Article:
1. Rwandan Soldiers Arrive

The President of the Republic, Filipe Nyusi, confirmed on Friday, in Cabo Delgado, the arrival in Mozambique of military troops from Rwanda to support the fight against insurgents in Cabo Delgado. But the arrival of 1,000 Rwandan men in the country is not well regarded by the South Africangovernment. In an interview with the South African television network, SABC, the South African Defense Minister, Nosiviwe Mapisa-Nqakula, revealed that it was not agreed with the Heads of State of the region that the support of the Rwandan soldiers would arrive before the SADC force. “The issue of sending troops from Rwanda is a bilateral matter between Rwanda and Mozambique”, she said, considering that “it is regrettable that this dispatch takes place before the deployment of SADC troops, because whatever the bilateral relations between Rwanda and Mozambique, one would expect Rwanda to go to Mozambique in the context of a mandate given by heads of state in the SADC region”. But she acknowledges that this is a bilateral issue, “a situation over which we have no control. It means that Mozambique has agreed with the Rwandans that the military forces of Rwanda can enter the country, however this is not how our heads of state decided”. However, on Sunday 11 July, in a speech in Beira, the Mozambican Minister of Defence Jaime Neto said that Mozambique is free to enlist the support of other African countries, and that the Rwandese soldiers arrived before the SADC force because “a bilateral agreement is more flexible”.

The arrival of the SADC alert force is scheduled for Thursday, July 15th, according to information provided in a letter written by the Executive Secretary of the regional organization and addressed to the Secretary General of the Nations United and confirmed on Friday by the Mozambican Head of State, Filipe Nyusi.

2. Date Announced for SADC Intervention

On 15 July the military intervention by the Southern African Development Community (SADC) in Cabo Delgado begins. The information was disclosed by the SADC Secretariat itself in a statement addressed to the UN secretary general, António Guterres. The southern African bloc of countries asked Guterres to share information about the deadline on July 15th with the United Nations Security Council. The SADC military intervention in Cabo Delgado is expected to last for three months with the possibility of the deadline being extended. According to the statement released by SADC Thursday 8 July, the mission has, among other objectives, “support the Republic of Mozambique in the fight against acts of terrorism and extremist violence, in addition to supporting the country in restoring the rule of law in the affected areas of Cabo Delgado province”.

The SADC communiqué refers to a mission under “scenario 6”, which characterizes the employment of military troops. The Center for Democracy and Development (CDD) criticizes the lack of publicity for the SADC initiative internally in Mozambique. The NGO promoting good governance stresses that information about the “imminent military intervention continues to reach Mozambicans through external sources”. According to a statement released by the CDD’s Twitter account, the population of Cabo Delgado should be “once again surprised by the presence of foreign military personnel from various countries in the region” as occurred “when the Government bet on hiring mercenaries”.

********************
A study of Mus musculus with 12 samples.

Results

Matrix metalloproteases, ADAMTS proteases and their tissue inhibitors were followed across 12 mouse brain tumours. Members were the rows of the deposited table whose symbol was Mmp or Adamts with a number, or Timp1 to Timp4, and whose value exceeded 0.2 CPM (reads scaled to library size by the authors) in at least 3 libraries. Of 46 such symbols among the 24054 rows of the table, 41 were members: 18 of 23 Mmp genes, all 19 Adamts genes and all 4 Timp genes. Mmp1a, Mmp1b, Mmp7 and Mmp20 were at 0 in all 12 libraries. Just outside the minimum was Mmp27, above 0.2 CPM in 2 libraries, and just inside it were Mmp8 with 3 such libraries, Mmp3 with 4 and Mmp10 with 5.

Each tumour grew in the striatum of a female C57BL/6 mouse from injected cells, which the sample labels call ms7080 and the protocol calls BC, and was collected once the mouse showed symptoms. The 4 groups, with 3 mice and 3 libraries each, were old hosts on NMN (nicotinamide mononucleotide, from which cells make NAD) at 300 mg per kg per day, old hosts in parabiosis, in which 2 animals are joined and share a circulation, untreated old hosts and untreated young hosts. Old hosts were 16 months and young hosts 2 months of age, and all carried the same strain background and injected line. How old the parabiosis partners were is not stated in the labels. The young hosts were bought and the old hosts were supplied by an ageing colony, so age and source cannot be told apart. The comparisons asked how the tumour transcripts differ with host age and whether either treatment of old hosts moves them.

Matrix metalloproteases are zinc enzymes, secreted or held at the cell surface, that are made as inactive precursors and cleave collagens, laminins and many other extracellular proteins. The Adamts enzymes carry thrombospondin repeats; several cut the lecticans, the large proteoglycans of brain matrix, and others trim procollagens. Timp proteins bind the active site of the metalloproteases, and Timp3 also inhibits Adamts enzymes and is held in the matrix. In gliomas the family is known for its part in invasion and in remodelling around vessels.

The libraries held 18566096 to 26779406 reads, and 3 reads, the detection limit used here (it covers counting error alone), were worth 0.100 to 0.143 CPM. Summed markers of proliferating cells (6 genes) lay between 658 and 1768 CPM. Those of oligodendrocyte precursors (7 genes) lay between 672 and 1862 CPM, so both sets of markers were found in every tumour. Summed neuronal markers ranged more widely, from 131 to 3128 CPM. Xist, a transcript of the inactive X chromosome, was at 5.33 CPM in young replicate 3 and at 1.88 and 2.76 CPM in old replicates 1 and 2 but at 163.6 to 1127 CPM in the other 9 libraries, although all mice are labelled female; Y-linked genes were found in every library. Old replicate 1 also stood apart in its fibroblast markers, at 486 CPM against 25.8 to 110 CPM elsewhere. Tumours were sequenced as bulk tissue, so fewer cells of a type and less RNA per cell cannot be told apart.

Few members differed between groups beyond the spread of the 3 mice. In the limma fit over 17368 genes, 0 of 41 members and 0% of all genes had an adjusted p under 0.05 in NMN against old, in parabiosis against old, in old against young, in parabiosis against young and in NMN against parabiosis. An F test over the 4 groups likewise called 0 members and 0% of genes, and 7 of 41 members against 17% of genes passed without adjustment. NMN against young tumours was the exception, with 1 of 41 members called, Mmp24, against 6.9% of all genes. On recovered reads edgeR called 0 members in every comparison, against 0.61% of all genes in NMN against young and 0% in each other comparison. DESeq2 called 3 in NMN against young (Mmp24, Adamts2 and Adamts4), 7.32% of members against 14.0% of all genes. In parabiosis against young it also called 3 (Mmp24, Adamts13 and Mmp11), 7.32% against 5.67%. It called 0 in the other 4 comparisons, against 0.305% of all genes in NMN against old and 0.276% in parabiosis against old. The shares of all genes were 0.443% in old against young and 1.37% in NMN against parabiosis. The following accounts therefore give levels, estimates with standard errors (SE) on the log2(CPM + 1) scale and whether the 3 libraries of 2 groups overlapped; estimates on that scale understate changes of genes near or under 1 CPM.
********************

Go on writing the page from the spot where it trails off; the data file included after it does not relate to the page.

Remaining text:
Three officers of the Botswana Defence Force arrived in Pemba on Saturday 10 July to begin with the logistical preparations for the SADC deployment.

3. EU Mission to Cabo Delgado Approved

On Monday 12 June the European Union issued the following statement:

The Council today adopted a decision setting up an EU military training mission in Mozambique (EUTM Mozambique). The aim of the mission is to train and support the Mozambican armed forces in protecting the civilian population and restoring safety and security in the Cabo Delgado province.

The Council decision is the EU response to the Mozambican authorities’ request for reinforced EU engagement in the areas of peace and security. In his letter of 3 June 2021, the President of Mozambique, Filipe Nyusi, welcomed the deployment of an EU military training non-executive Common Security and Defence Policy (CSDP) mission in the country.

The mandate of the mission will initially last two years. During this period, its strategic objective will be to support the capacity building of the units of the Mozambican armed forces that will be part of a future Quick Reaction Force. In particular, the mission will provide military training including operational preparation, specialised training on counter-terrorism, and training and education on the protection of civilians and compliance with international humanitarian law and human rights law.

The EUTM Mozambique mission commander will be the Director of the Military Planning and Conduct Capability (MPCC), Vice Admiral Hervé Bléjean. Brigadier General Nuno Lemos Pires, a Portuguese national with over 38 years’ experience in command positions including many in international missions, will lead the mission on the ground as force commander.

The security and humanitarian situation in the Cabo Delgado province has been continuously and seriously deteriorating since 2017. An escalation of violence has led to the internal displacement of more than 700 000 people. It is estimated that at least 1.3 million people in Cabo Delgado and the neighbouring provinces of Niassa and Nampula require immediate humanitarian assistance and protection.

The new CSDP mission will be one of the tools in the EU’s Integrated Approach to the crisis in Cabo Delgado, in conjunction with support for peacebuilding, conflict prevention and dialogue support, humanitarian assistance and development cooperation, and the promotion of the Women, Peace and Security Agenda.